Each morning I hit the floor way before the chickens. The new day can always hold great opportunities, unexpected and otherwise. Usually, I’m quite spontaneous about how I do a lot of things. I don’t over-think stuff; I listen to my gut and react. And often that gets me into tight places.
Thursday afternoon a woman called me about doing an event Friday night. Before I answered on this one, I did ask the right questions and got none of the right answers.
The event would be in a church. I would have to take the fee the church had pre-determined. There would be two other engravers on site…no description or names of those folks. It didn’t begin until 8:30 p.m. and it would last only two hours.
The venue would be a 40 mile round trip and I wouldn’t be back in my bed until, probably, midnight. Waaay past lights out for me. The next morning I had an important breakfast meeting at 7:30. My inclination was to politely tell the woman to take a hike. At the events I do, I’ve always set the terms and called the shots. But of course my wine and whisky bottle engraving have never been in a church with 1000 women in attendance.
Inside of 5 minutes I gave her the thumbs up. What the heck? It’s different. It’s mysterious. Could be good. I’m in!
I did learn a little more in the conversation. I had been referred by a young lady I did a small job for a year ago in my Studio. The event was an inspirational conference with guest speakers in a non-denominational megachurch. Not a Joel Osteen-size mega, but tons larger than your average Baptist or Catholic edifice. Each woman would be given a simple necklace at the end of the service. Two discs on a simple ball chain. One was a heart and the other a circle. About the diameter of a quarter. The church-set fee was a buck a letter. At first, that sounded too little, but then I realized an Alexandra or Coshondra or De Boniteous would be $9 – $11 in about 40 seconds. The necklace discs and engraving instructions.
I arrived 30 minutes early to find one engraver already set up. She had a computer and a laser gizmo. The sample engraving she showed me was gorgeous and intricate. The other engraver was a husband-wife team from a small jewelry store in the area. They had a pantograph engraving machine. Could have been from the 1920s. Or earlier. Took two people to lift it. Takes 1″ square brass letters in a rack that are traced with a big stylus. About 24″ away there is a corresponding stylus that transfers the tracing of the big brass letters into the item…….oh, you don’t really want to know more.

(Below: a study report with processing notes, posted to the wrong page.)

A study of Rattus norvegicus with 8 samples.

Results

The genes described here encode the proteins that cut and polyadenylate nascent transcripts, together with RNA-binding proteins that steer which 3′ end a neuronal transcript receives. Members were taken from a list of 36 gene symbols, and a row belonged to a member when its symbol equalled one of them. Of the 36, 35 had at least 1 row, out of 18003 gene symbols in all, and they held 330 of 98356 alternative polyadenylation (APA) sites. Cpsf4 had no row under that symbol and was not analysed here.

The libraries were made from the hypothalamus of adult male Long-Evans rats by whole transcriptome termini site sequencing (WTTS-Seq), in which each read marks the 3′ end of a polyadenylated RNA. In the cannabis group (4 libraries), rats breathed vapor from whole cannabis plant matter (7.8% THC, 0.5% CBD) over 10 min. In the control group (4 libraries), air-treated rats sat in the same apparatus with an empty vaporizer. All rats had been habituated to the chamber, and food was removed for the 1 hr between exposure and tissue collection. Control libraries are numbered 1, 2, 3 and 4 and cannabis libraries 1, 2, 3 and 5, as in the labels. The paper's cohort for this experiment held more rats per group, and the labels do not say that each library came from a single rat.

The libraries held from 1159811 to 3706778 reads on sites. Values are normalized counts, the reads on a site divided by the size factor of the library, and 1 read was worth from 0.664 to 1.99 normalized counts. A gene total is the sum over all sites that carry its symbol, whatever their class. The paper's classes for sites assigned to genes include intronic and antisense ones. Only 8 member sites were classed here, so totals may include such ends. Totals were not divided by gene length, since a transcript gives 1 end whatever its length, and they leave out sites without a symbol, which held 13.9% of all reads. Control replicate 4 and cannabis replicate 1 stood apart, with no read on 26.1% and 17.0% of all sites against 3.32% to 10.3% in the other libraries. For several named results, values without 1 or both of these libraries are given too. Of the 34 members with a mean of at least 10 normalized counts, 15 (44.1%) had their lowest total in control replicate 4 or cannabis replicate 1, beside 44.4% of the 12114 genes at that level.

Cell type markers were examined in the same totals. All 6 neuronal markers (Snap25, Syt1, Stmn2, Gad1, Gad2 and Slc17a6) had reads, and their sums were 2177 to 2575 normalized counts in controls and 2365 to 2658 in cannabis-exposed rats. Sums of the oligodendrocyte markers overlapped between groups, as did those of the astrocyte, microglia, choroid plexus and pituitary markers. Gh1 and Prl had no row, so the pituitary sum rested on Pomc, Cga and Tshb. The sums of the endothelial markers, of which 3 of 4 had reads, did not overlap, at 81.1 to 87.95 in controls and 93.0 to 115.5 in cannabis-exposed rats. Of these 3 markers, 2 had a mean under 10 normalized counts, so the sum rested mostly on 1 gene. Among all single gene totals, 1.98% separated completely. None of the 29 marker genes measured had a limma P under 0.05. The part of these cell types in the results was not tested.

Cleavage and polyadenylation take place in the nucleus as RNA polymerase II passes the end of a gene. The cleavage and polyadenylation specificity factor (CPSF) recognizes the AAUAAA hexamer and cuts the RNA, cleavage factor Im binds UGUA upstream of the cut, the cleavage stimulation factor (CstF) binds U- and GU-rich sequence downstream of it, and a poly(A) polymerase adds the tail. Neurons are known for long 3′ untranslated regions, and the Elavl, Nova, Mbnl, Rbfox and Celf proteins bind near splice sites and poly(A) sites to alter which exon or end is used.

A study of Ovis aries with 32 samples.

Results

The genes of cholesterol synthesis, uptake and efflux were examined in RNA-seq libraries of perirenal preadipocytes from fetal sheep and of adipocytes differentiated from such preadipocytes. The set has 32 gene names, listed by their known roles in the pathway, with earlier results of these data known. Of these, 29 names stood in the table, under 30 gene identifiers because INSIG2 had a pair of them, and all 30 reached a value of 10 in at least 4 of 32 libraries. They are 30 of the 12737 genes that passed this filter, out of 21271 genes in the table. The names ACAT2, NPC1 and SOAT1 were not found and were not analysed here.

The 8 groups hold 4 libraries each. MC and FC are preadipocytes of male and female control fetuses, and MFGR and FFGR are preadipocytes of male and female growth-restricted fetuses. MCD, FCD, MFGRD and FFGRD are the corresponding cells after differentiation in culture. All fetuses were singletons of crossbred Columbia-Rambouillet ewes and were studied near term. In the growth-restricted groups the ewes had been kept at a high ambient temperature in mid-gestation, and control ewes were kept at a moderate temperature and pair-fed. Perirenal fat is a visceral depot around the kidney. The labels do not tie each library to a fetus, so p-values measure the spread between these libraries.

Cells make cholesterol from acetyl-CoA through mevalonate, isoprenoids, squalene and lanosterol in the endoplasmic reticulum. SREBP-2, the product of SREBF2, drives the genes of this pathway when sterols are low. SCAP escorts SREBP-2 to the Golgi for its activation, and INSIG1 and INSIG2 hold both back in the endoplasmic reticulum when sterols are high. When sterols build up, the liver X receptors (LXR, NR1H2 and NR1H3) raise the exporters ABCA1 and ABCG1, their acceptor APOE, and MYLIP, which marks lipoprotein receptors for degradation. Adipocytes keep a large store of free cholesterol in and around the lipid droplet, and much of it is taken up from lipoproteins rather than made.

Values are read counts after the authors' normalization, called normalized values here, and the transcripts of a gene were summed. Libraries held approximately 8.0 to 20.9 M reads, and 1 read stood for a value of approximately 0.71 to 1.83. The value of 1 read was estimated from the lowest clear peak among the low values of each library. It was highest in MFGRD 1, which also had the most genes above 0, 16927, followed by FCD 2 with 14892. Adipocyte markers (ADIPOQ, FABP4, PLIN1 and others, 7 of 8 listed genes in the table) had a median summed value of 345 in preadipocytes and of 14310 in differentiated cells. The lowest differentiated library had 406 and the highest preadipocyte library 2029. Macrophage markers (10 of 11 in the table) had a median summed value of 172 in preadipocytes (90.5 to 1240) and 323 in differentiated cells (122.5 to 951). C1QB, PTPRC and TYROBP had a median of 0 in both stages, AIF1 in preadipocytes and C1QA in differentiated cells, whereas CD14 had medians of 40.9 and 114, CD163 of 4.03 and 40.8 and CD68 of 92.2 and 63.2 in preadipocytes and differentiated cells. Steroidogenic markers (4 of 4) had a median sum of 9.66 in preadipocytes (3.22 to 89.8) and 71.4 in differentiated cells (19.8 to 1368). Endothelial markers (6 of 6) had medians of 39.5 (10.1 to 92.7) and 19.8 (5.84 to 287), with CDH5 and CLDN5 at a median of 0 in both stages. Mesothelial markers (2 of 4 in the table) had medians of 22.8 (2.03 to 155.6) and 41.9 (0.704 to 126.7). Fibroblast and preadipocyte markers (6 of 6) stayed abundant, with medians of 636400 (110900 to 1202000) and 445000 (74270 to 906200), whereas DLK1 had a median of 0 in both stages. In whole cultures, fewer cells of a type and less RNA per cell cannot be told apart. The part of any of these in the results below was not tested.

At the end of the service, women began clamoring to get into the room with us engravers and about a dozen vendors selling books, jewelry, and other women-related Christian items. In two hours I walked out with $400. It was the easiest engraving experience of my life. At a buck a letter or number, on two sides of the heart and two sides of the circle, the names, messages, and dates added up nicely for some. The most was 56 characters. That one took a while. About 3 minutes. No guidelines. Just eyeballed each and went for it. The most difficult and painful part of the night was holding the pieces that heated up handily after about 3 seconds. When the room cleared in two hours I was told there would be many more the next morning and was asked to come back.
I rescheduled my breakfast meeting and returned at 9:00 Saturday. The pantograph couple from the jewelry store had bailed after staying until midnight. In fact, they left about 20 sets they couldn’t do. Toooo slow and clunky was their machine for fast production. The service ended at noon, then the wave of women hit again. More chains and discs. At 1:30 it was over. I probably engraved items for only about 70 women. The vast majority couldn’t even get into the room.
The laser-lady’s work was beautiful but I could do 5 to her 1 and the ladies loved the artistic appearance of my hand-engraving. When we settled up, the church lady handling the money for all the transactions counted the letters I engraved…written on small cards…and it was another almost $750.
Yes, I had 80 miles of driving but the rest was crazy easy. Do the math. I’d do that again any time and the church lady promised there would be many more opportunities with the functions going on there throughout the year.
Moral of the story: Take a chance on something that may have an unknown element. You may learn a good lesson or earn a pocketful. Or both.